The Duncan Banner

December 12, 2012

Home invasion trio get combined sentence of 135 years

Victims take stand, describe their horror

Greg Crews
The Duncan Banner

DUNCAN — Terry and Sheila Crissman said they don’t smile or laugh nearly as often since being held at gunpoint, and then bound in duct tape, while their Marlow home was robbed on April 23. But the two wore smiles of relief as they walked out of a Stephens County District courtroom Tuesday after their three attackers were sentenced to more than 30 years apiece.

Douglas Darius Brown, 18, was sentenced to 35 years, of which he will have to serve at least 85 percent before he will be eligible for probation.

Leon Edwards, 31, who allegedly brandished a pistol during the robbery, was sentenced to 40 years.

Christopher Scruggs, 25, who had two prior felony convictions in California, was sentenced to 60 years.

“This is the kind of case, that if anyone wants to come into Stephens County and pull this kind of stuff, they can see the consequences,” District Attorney Jason Hicks said. Hicks oversees District 6.

The three men, all from Lawton, pleaded guilty in October to charges of conjoint robbery, burglary in the first degree and conspiracy.

At Tuesday’s sentencing, the three defendants had an opportunity to have friends and family speak to their character. Brown’s preacher at Friendship Baptist Church in Lawton, where Brown was a leader in the youth group, asked the court for leniency, as did his father, one of his high school teachers and a manager at Burger King in Fort Sill, where Brown worked.

Scruggs, who served in the Navy, fought back tears as his mother took the stand and asked for a fair punishment. Edwards, who also has military experience and served a tour of duty in Iraq, did not have a character witness.

After the character witnesses were finished, Hicks called Sheila Crissman to the stand, where she gave a detailed account of the events of April 23.

Shortly after friends had left, she said, there was a knock at the door.

“I heard a knock at the door and I thought Amy had forgotten her purse. Terry went to the door and I stayed and looked for her purse (in the kitchen),” Sheila Crissman testified. “I heard a boom, like the door being busted open, then I heard, ‘OK, OK.’”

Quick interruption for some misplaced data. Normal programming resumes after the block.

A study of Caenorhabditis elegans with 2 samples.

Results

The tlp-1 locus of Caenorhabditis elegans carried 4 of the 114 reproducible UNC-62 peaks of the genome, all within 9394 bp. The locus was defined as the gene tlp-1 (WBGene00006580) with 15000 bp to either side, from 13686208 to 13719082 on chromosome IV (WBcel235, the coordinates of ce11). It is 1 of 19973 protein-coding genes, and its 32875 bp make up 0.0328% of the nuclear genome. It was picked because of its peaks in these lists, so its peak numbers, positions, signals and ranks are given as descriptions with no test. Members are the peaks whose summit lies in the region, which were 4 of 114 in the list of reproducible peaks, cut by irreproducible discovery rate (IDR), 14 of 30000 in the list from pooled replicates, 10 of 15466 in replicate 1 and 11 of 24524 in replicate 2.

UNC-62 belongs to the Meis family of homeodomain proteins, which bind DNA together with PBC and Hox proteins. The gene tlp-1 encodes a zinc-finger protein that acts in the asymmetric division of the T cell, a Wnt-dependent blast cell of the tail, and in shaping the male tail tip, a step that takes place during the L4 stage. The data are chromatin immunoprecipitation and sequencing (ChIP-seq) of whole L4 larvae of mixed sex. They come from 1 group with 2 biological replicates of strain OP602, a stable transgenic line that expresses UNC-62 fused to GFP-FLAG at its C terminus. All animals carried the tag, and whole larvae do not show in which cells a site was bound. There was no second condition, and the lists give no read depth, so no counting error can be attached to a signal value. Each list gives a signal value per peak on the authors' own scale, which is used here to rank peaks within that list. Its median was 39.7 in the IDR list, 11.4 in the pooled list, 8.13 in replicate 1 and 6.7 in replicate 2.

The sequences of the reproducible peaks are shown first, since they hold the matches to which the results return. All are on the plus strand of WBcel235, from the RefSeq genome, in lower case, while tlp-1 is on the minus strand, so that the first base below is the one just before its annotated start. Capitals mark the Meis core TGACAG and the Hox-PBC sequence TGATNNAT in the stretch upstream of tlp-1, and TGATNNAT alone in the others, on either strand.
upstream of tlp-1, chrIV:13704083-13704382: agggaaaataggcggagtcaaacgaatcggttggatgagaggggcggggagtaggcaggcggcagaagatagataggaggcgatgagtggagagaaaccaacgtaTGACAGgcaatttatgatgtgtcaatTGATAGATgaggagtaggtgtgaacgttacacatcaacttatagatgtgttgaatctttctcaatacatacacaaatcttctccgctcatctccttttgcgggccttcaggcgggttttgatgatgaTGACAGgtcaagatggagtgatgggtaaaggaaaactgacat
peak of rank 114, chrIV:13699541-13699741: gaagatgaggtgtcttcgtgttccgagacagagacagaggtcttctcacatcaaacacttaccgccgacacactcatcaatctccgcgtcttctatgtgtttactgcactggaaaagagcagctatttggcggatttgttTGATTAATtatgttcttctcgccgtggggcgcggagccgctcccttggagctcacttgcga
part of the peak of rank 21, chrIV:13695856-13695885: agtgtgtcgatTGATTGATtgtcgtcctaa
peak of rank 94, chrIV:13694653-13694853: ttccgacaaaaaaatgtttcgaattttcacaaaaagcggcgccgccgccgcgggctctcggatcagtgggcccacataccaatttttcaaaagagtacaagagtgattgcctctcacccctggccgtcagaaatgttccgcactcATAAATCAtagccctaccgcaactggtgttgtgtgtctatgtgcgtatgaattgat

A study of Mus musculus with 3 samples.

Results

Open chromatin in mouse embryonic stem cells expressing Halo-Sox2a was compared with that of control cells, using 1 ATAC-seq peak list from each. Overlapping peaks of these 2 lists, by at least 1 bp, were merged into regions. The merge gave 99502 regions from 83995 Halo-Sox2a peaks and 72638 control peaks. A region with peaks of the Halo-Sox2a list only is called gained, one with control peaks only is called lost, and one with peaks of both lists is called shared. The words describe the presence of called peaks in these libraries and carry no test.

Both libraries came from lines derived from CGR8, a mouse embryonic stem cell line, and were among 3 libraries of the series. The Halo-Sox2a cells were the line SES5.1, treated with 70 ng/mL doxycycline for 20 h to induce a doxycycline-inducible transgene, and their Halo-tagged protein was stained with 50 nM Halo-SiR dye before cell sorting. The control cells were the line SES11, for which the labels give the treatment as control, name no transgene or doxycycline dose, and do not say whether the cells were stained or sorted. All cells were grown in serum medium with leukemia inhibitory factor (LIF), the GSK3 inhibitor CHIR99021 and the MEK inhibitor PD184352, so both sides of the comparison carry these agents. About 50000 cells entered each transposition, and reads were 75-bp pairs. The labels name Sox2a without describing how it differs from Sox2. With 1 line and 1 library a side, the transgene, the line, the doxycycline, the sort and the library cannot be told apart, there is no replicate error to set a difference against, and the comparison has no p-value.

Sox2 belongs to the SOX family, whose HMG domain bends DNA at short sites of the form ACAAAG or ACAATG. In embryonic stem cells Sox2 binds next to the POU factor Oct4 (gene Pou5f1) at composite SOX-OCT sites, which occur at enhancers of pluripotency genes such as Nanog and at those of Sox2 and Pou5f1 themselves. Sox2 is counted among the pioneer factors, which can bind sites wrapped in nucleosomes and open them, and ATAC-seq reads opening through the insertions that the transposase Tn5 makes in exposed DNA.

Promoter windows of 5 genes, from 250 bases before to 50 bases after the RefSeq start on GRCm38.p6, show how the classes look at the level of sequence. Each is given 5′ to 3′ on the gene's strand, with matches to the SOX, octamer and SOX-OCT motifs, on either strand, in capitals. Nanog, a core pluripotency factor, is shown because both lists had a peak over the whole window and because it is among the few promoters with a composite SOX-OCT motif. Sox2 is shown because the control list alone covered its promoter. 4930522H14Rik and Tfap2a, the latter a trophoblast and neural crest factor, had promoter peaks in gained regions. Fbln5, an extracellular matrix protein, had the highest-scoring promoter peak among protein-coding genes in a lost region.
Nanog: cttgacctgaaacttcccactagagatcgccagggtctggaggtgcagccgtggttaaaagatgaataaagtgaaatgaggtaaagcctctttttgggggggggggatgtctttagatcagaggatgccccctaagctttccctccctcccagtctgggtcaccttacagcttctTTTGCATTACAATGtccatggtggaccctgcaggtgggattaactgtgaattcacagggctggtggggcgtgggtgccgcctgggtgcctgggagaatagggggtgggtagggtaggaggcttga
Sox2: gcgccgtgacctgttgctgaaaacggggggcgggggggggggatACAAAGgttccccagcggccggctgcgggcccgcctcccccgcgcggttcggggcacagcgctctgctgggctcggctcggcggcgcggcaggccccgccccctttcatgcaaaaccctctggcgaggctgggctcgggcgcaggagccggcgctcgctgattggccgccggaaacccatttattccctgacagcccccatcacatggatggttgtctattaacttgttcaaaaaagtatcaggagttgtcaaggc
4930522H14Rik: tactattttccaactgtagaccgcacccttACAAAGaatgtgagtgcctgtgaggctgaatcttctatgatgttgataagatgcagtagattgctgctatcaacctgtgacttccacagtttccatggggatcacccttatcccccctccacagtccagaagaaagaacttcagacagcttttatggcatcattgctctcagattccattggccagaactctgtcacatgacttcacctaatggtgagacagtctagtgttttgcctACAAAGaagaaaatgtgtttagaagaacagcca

She said she came into the room, where she saw, “a big black man with a gun on Terry’s head. He had a hand on his head and he was telling him (Terry) to get on the floor. I just froze.”

Sheila Crissman said she was then ordered to lay down with her stomach on the floor. Eventually, the two had their hands and feet bound behind their backs with duct tape, which was also placed over their eyes, she testified.

After the robbers found ammunition, they asked Terry Crissman where the guns were. Sheila said she instructed them where to find two hand guns.

Later, the robbers discovered a gun safe and retrieved the key from Terry Crissman. When they opened the safe to find guns and other valuables, Sheila said their attackers celebrated.

“That’s when I knew there were three of them,” Sheila Crissman said, remembering hearing two celebrating while another was in the bedroom.

“Terry told me it’s gonna be OK,” she recalled. “He said, ‘I’m sorry you have to go through this.”

Sheila Crissman said she and her husband expected to die and made sure to tell each other ‘I love you,’ one last time.

Eventually, though, the burglars thought they had triggered an alarm and fled.

“One said, ‘Let’s get out of here. I think I tripped something.”

In all, the burglars made off with $33,000 of the Crissman’s possessions, said Terry Crissman, who had to come up with a list of items and their values.

“Some were recovered. Most were not,” he testified.

Both Crissmans spoke of recurring nightmares and changes to their lifestyle and personalities due to the ordeal and they asked for the maximum sentence for all three defendant: 80 years.

During the robbery, Edwards tapped a pistol against the back of Terry Crissman’s head and told him, “You’d better get a memory,” when Crissman didn’t immediately give up the location of his firearms. During his victim statement, Crissman finally had his chance to respond. At the end of his statement, he looked directly at Edwards and said, “You’d better get a memory, because your memory of freedom is gone.”

Scruggs and Edwards both apologized to the Crissmans.

“I did what I did and I deserve punishment,” said Scruggs, who is a husband and father of an infant child.

Judge Joseph H. Enos issued a brief recess before handing down the sentences.

“This is not an easy case,” he said. “I’ve tried to reflect over my 30 years ... but this is probably the most serious case I have had to preside over with adult victims.”